OBJECTIVE: To compare the accuracy and reaction time of a new biopsy urease test, Pronto Dry (Medical Instruments Corporation, Solothurn, Switzerland) and the CLO test in the diagnosis of H. pylori infection.
METHODS: Consecutive patients presenting with dyspepsia to the endoscopy unit, University of Malaya Medical Centre were recruited for the study. Patients who were previously treated for H. pylori infection or who had received antibiotics, proton pump inhibitors or bismuth compounds in the preceding 4 weeks were excluded. H. pylori diagnosis was made based on the ultra rapid urease test and histological examination of gastric biopsies. Four antral and four corpus biopsies were taken for this purpose from all patients. A diagnosis of H. pylori infection was made when both the ultra rapid urease test and histology were positive in either the antral or corpus biopsies. A negative diagnosis of H. pylori was made when both tests from antral and corpus biopsies were all negative. Another four antral and four corpus biopsies (two each) were taken for the Pronto Dry and CLO tests. The Pronto Dry and CLO tests were stored and performed according to the manufacturer's instruction.
RESULTS: Two hundred and eight patients were recruited in the study. Eighty-six of the patients were males and 122 were females. The mean age was 46.3 years with a range of 15-82 years. The results for both the Pronto Dry and the CLO tests were completely concordant with sensitivity, specificity, positive predictive value, negative predictive value and diagnostic accuracy of 98.1%, 100%, 100%, 98.1% and 99%, respectively. The Pronto Dry test showed a faster reaction time to positive compared with the CLO test, with 96.2% positive reaction by 30 min versus 70.8% and 100% positive reaction time by 55 min versus 83%. The colorimetric change was also more distinct with the Pronto Dry test compared with the CLO test.
CONCLUSIONS: Both the Pronto Dry and the CLO tests were highly accurate for the diagnosis of H. pylori infection. The Pronto Dry test showed a quicker positive reaction time and the positive colour change was more distinct.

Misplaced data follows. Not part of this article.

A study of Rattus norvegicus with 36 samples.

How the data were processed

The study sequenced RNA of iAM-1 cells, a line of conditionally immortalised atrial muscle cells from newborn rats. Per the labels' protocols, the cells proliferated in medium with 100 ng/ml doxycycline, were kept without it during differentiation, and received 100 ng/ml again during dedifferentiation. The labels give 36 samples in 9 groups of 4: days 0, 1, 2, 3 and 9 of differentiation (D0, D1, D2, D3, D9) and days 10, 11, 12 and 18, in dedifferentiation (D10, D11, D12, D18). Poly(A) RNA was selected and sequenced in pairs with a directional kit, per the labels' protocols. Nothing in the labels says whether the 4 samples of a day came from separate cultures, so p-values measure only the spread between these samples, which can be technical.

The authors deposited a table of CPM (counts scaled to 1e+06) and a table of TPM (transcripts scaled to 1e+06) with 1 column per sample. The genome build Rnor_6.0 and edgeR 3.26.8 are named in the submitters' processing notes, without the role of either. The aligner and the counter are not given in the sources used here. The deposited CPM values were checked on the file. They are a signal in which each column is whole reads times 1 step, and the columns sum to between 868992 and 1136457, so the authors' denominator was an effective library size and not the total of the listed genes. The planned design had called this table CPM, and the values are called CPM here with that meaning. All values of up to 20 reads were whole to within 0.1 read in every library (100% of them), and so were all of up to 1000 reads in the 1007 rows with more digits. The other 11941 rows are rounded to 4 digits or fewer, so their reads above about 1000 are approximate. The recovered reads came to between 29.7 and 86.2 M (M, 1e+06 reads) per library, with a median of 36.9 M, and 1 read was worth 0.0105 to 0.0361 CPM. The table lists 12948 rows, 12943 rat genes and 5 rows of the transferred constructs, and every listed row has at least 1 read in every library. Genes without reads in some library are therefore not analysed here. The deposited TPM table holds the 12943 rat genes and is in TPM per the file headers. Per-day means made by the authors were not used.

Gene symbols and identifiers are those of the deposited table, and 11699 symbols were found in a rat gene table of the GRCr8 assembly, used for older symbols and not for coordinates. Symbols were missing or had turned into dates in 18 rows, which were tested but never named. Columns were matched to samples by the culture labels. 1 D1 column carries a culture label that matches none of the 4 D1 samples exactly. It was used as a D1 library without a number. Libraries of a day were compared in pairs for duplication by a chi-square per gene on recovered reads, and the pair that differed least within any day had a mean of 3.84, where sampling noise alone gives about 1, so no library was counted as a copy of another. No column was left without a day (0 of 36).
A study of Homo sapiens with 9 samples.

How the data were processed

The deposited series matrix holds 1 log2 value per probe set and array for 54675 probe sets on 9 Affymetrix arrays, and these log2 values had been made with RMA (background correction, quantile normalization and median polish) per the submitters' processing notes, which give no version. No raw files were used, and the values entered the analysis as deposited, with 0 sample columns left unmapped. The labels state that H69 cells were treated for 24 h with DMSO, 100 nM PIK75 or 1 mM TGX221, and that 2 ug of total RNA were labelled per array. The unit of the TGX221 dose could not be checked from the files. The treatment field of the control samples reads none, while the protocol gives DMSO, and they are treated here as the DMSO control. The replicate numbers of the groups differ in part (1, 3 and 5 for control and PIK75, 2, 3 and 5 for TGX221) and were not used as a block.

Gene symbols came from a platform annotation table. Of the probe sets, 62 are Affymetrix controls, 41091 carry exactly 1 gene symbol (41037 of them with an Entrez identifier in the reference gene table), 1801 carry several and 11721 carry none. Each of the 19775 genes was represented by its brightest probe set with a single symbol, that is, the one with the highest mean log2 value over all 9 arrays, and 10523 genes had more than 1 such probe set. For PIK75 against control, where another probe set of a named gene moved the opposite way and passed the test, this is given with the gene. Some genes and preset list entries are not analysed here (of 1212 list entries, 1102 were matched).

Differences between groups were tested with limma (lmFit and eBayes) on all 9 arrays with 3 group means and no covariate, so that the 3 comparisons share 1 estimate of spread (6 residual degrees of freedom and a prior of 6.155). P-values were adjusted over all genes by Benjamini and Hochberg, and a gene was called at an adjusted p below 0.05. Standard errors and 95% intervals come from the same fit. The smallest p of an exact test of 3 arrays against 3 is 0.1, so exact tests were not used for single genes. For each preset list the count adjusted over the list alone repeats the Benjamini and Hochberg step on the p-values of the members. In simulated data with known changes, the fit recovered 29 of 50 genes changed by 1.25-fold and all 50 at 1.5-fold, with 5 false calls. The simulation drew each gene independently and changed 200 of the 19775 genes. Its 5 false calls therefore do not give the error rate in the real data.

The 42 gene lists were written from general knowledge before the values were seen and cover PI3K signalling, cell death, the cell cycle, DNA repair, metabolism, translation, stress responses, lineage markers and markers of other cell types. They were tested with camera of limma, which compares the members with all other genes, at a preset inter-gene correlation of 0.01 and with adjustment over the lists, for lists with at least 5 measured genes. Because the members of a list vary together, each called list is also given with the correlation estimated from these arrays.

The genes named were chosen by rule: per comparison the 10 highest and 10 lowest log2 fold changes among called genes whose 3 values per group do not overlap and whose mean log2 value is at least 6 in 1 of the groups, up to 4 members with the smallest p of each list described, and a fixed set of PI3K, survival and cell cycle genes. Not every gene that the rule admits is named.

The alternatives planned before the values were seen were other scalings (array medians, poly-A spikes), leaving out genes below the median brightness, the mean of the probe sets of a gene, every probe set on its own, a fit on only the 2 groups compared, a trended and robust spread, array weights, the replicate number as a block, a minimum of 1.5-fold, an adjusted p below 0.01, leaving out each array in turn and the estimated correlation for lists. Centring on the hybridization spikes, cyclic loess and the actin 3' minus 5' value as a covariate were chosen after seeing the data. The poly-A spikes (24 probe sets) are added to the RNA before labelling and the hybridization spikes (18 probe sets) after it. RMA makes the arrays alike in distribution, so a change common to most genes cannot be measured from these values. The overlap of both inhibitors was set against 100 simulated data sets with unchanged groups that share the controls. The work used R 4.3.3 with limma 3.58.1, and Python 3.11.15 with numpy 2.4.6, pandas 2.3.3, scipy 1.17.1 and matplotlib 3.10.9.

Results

RESULTS: Our models learned several syntactic, lexical, and n-gram linguistic biomarkers to distinguish the probable AD group from the healthy group. In contrast to the healthy group, we found that the probable AD patients had significantly less usage of syntactic components and significantly higher usage of lexical components in their language. Also, we observed a significant difference in the use of n-grams as the healthy group were able to identify and make sense of more objects in their n-grams than the probable AD group. As such, our best diagnostic model significantly distinguished the probable AD group from the healthy elderly group with a better Area Under the Receiving Operating Characteristics Curve (AUC) using the Support Vector Machines (SVM).
CONCLUSIONS: Experimental and statistical evaluations suggest that using ML algorithms for learning linguistic biomarkers from the verbal utterances of elderly individuals could help the clinical diagnosis of probable AD. We emphasise that the best ML model for predicting the disease group combines significant syntactic, lexical and top n-gram features. However, there is a need to train the diagnostic models on larger datasets, which could lead to a better AUC and clinical diagnosis of probable AD.